A guest columnist for the Lancaster Eagle Gazette in Ohio today offers a new version of President Lyndon Johnson’s famous comment, supposedly made in response to Walter Cronkite’s dire assessment in 1968 about the war in Vietnam.
As the story goes, Johnson watched the special televsion program that Cronkite prepared in the aftermath of the North Vietnamese communists’ Tet offensive in February 1968. Cronkite said the U.S. war effort had become “mired in stalemate.” And he closed program by suggesting the time had come to consider opening negotiations to end the war.
For Johnson, Cronkite’s report supposedly was an epiphany. The president realized that the war was all but lost and uttered in dismay:
“If I’ve lost Cronkite, I’ve lost Middle America.”
Other versions have Johnson saying: “If I’ve lost Cronkite, I’ve lost the country.”
Or, “If I’ve lost Cronkite, I’ve lost the American people.”
Or, “If I’ve lost Cronkite, I’ve lost the war.”
The guest columnist in the Lancaster paper has Johnson as saying: “If we lose Cronkite, we lose America.”
What I call acute version variability dogs this anecdote — and it’s one of the indicators that the story is a media-driven myth. Version variability of such magnitude is a signal of implausibility. And it’s a marker of a media myth.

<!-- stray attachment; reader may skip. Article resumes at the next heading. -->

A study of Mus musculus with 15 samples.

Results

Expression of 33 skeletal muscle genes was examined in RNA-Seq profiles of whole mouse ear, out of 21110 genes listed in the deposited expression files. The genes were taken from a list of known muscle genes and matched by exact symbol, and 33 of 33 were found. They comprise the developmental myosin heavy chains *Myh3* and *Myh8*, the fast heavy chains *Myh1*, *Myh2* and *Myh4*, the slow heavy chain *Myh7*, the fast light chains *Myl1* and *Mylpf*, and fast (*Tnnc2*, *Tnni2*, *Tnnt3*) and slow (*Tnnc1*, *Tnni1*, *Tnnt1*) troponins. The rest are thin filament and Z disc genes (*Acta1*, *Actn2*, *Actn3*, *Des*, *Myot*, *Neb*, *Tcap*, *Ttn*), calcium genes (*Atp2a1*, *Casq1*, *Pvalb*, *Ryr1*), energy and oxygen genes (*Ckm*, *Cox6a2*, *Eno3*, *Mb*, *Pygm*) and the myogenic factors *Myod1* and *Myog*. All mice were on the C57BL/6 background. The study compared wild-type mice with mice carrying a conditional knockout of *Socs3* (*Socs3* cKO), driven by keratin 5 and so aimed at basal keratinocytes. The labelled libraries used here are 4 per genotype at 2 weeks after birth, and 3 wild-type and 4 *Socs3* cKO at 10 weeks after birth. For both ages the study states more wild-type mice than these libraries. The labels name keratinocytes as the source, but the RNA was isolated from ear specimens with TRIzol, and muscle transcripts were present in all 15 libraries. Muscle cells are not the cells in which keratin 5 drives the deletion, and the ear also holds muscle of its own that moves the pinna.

For starters, Johnson did not see the program when it was aired. He was in Austin, Texas, at the time, offering light-hearted comments at a birthday party for Governor John Connally.
Moreover, Johnson’s supposedly downbeat reaction to Cronkite’s on-air assessment about Vietnam clashes sharply with the president’s aggressive characterization about the war. Only hours before the Cronkite program aired, Johnson was in Dallas, Texas, where he delivered a little-recalled but rousing speech on Vietnam, a speech cast in Churchillian terms.
It seems inconceivable that Johnson’s views would have changed so swiftly, so dramatically, upon hearing the opinions of a television news anchor.
Even if Johnson later heard—or heard about— Cronkite’s assessment, it represented no epiphany. Not long after the Cronkite program, Johnson gave a rousing, lectern-pounding speech in which he urged a “total national effort” to win the war in Vietnam.
No, the Cronkite program in late February 1968 prompted no great change. Nor did it prompt any famous presidential utterances.